The long-awaited Willow Square Continuing Care Centre in Fort McMurray has finally been built and residents should be able to move in within months.
The Department of Infrastructure announced Monday that construction on the facility has finished and the building has been handed over to Alberta Health Services to finish outfitting the building with medical equipment, supplies and furniture.
The $102-million building was completed under budget, said Minister of Infrastructure Prasad Panda. The project faced many delays, including the 2016 Horse River wildfire, 2020 April flood, and the ongoing COVID-19 pandemic.
"I was quite pleased and relieved when we were able to finish the work," said Prasad in a Tuesday interview.
The building will have 108 beds, with space for 36 more if required.
"McMurray is also experiencing a growing and aging population, so this is the time they needed this type of facility. And they got one, although it's slightly delayed."
Prasad said Willow Square is the most modern facility in Alberta.
"They got the best."
Joan Furber, president of the Golden Years Society, has been advocating for the facility for years.
She got involved when the province was planning on building the facility in Parsons, a neighbourhood on the northernmost edge of Fort McMurray.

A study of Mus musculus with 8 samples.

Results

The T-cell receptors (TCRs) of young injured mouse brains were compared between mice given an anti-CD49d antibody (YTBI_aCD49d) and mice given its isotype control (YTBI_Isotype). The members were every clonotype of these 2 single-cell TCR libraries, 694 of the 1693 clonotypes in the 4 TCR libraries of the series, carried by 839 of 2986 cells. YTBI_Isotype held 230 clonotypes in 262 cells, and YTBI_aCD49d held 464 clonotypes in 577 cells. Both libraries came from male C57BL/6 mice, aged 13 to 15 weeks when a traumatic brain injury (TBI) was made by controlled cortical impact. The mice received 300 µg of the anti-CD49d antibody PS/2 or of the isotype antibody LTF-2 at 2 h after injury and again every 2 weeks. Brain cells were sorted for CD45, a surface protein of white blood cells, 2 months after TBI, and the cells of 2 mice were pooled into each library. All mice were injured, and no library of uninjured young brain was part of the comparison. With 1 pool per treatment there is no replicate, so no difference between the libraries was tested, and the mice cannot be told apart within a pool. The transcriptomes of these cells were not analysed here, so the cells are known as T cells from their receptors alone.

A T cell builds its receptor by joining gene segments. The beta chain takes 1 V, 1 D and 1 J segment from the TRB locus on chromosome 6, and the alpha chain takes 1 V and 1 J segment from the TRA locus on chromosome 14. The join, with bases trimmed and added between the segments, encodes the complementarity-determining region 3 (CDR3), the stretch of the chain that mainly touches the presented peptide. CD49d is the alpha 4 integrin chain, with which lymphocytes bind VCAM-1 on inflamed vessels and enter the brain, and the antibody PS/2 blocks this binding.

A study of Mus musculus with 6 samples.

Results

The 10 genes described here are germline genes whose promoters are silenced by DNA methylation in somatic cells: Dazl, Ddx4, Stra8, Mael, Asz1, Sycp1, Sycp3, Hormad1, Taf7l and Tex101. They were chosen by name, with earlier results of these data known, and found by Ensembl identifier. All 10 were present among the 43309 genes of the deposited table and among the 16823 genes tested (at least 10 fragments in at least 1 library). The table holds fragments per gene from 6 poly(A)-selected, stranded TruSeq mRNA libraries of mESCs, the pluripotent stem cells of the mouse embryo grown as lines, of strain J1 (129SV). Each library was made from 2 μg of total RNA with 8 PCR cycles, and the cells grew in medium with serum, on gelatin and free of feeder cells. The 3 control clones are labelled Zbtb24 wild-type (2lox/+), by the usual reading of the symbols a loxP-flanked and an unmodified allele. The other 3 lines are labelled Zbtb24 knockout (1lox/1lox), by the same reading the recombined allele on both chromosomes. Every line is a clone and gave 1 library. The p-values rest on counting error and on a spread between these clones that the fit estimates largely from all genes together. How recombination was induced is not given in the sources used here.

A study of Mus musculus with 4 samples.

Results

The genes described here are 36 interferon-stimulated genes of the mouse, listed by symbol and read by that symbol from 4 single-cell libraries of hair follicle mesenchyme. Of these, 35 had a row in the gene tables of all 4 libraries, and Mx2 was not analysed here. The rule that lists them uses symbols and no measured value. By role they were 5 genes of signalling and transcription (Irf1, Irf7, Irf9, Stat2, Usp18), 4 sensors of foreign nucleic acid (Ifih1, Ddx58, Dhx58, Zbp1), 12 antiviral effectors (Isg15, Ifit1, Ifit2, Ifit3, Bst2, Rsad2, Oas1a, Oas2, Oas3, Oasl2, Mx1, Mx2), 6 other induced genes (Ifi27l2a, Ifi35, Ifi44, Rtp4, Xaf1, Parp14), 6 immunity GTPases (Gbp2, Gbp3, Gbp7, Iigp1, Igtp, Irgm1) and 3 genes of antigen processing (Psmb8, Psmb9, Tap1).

She said that plan was concerning, because seniors wanted to be located downtown, with better access to the hospital, shopping and churches.
"We didn't want them to give us something we didn't want."
The Willow Square facility is located just steps away from the local hospital.
"The seniors are going to love it. It's a beautiful facility," said Furber. "We have so many long-time citizens of Fort McMurray, they don't want to go somewhere else."
She said the community keeps losing seniors, because they move away to Edmonton to access long-term care facilities, but now, with Willow Square, "they'll have a home," said Furber. "This is just a great thing. Way too late for our community, should've been here 20 years ago."
Former MLA and MP Brian Jean was a strong advocate for the centre and started working on the project in 2005. He says the facility has been needed in the community for years.
"It's filling a huge gap for seniors that have been staying in our hospital or going outside of town," said Jean.
Jean worked with Rachel Notley to move the location of Willow Square back to downtown, which was important for the quality of life the facility would provide.
Jean said this is also important for the Indigenous communities in Wood Buffalo, because some seniors have had to leave their hometowns and move to Edmonton.
"Who would possibly do that to a senior? Well they've been doing it for years," said Jean.
He said it seems wrong that seniors have to move 500 kilometres away from home to get proper care.
Jean's mother was looking to spend her last days at Willow Square, he said, but she died in 2018. He said his mother was a strong advocate for the centre, and would call him every day to talk about it.
"It's a game-changer," he said. "I just wish my mom would've seen it."
The facility is expected to open in late Spring.